Mountains to molerathills: Squeezing the Mojave desert into Fallout: New Vegas

October 5, 2017 | By Alissa McAloon




"Any developer who is like ‘Hey, we’re going to do this thing in the game that’s very complicated and reactive’, the best way of managing the risk for that would be to look at other things that are potentially complicated and reduce the complexity of them. It’s triage.”

- Josh Sawyer explains the tricky balance devs have to maintain when developing on a tight schedule

PCGamesN took some time to chat with some of the developers behind Fallout: New Vegas and collect some of their stories and memorable moments. The full piece itself is brimming with charming anecdotes and memories from a uniquely game dev point of view, but one particular snippet explores how Obsidian molded the landscapes found within the post-apocalyptic game.

Scott Everts, the lead world builder on New Vegas, explains that the team found real satellite date online for Las Vegas and the surrounding area and was able to import it into the game and scale it down. As you’d expect, that led to its own sort of issues with geographic features that were suddenly too large or comically small.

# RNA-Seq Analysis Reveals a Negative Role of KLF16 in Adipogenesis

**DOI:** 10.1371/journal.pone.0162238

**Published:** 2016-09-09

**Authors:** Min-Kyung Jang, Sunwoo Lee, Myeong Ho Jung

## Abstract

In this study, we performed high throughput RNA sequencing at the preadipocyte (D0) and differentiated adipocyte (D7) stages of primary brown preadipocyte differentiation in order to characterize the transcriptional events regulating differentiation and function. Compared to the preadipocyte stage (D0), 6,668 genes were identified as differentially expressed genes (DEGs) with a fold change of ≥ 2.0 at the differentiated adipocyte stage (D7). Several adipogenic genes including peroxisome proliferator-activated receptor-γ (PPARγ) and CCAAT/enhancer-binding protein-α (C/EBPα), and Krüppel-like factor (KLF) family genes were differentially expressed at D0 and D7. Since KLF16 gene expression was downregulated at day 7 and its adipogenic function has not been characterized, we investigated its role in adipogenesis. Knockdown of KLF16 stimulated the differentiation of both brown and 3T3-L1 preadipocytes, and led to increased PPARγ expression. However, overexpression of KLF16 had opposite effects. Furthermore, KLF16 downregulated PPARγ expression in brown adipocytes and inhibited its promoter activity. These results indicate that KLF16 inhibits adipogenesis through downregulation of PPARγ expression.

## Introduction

“The Colorado River was pretty funny, because we scaled it down and everything seemed to feel pretty good in terms of traversal, then you go to the Colorado River and you could jump across it,” lead designer Josh Sawyer added. “The scale was reduced down so much, so Scott had to do some surgery and kind of expand the Colorado River and Lake Mead so it wasn’t just this puddle.”

The pair explains that they also had to tweak the environments and the size of the overworld in order to keep the game functioning on consoles. In the final game, certain cities require entering a gate and sitting through a loading screen that might not have been necessary if the game had been a PC only title.

Part of the reason the team had to be so mindful of performance for Fallout: New Vegas was thanks to some of the games more memorable features like eternally wondering NPCs and a surprisingly intricate faction system. You can find stories about both those quirks and more in the full conversation on PCGamesN.